Closet Design Basics
Why S0 Many Builders Get Closets Wrong
We pulled some builder-built closets out of a New Hampshire home this week to replace them. They were sturdy and well built, but the height clearances for the hanging rods were all wrong. The double hanging rods were short by 6 or 7 inches! What happens is that the finish carpenter or the builder specs these details out on the fly with no real design basis for the placement of the components. It all looks good until the homeowner begins to hang clothing in the closet and the tails of the shirts or jackets get tangled in the rod and hangers below or bunch up in the floor. Many find this frustrating.
This is probably the third closet this month we've seen with this problem!
What happens is that the majority of builders or finish carpenters don't understand closet design. They may have seen a closet set up with double hanging rods and consider adding this feature to be an upgrade from the standard single rod or wire components that many use. The problem is:
- they don't have a background in closet design;
- they don't have any clothing or hangers on the job site to measure;
- they seldom consult the homeowner over closet design elements.
- The closets are one of the last details in a home that are finished, and there's a big rush at the end to get the project done and move on. So what they do is guess at the placement heights of rods and shelves.
And then homeowners live with someone's guess work at the center of their lives every day!
There are no code requirements for the way a closet is finished, so you the homeowner, need to monitor the work to ensure that you are getting what you think you are. Whether you're building a new home or trying to problem-solve closet issues in an existing home, use the following basic measurements as a guideline to a more functional closet.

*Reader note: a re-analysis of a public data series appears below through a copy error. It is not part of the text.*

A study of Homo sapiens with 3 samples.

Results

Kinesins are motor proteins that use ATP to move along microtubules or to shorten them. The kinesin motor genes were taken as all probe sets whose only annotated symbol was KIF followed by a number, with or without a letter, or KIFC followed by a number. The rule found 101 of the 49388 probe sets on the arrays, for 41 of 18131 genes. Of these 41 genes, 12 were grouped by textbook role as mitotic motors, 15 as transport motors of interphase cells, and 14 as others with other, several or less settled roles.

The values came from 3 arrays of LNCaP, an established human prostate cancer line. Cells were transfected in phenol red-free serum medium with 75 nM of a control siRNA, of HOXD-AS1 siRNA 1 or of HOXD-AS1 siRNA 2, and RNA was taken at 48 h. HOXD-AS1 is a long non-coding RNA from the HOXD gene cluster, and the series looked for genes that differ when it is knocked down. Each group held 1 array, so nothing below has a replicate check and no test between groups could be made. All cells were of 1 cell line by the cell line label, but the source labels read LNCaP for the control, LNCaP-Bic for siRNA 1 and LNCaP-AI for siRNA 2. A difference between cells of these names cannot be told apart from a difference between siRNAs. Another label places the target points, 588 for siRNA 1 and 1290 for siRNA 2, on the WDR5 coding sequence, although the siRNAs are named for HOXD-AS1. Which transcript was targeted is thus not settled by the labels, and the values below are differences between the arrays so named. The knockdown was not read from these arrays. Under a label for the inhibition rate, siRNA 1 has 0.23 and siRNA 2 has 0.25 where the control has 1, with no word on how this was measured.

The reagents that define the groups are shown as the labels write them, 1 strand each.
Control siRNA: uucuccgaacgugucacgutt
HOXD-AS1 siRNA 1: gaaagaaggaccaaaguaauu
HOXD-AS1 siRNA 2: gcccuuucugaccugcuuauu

These are the standard specifications that most closet designers follow when specking closet layouts. Of course people come in all sizes, so dimensions are personalized to accommodate height or other factors, but these standard dimensions work for most folks.
- Standard top shelf height: 84"
- Tall hanging: A recommended height of 65” (allows for hanging of long dresses, coats, and robes)
- Double hanging: A recommended upper closet rod height of 80 1/4", and a lower height of 39 1/4" (allows hanging of most shirts, folded pants, suits, blouses, jackets and blazers)
- Medium hanging: A recommended closet rod height of 45 1/4". (accommodates long skirts, and pants hung by the cuff)
- Short hanging: A recommended closet rod height of 39 1/4" (like double hanging units, these are for most shirts, folded pants, suits, blouses, jackets and blazers)
- Shelving: Adjustable shelves are the key to functional closets; recommended shelf depth is 14".
As always, I welcome your questions by phone or by email.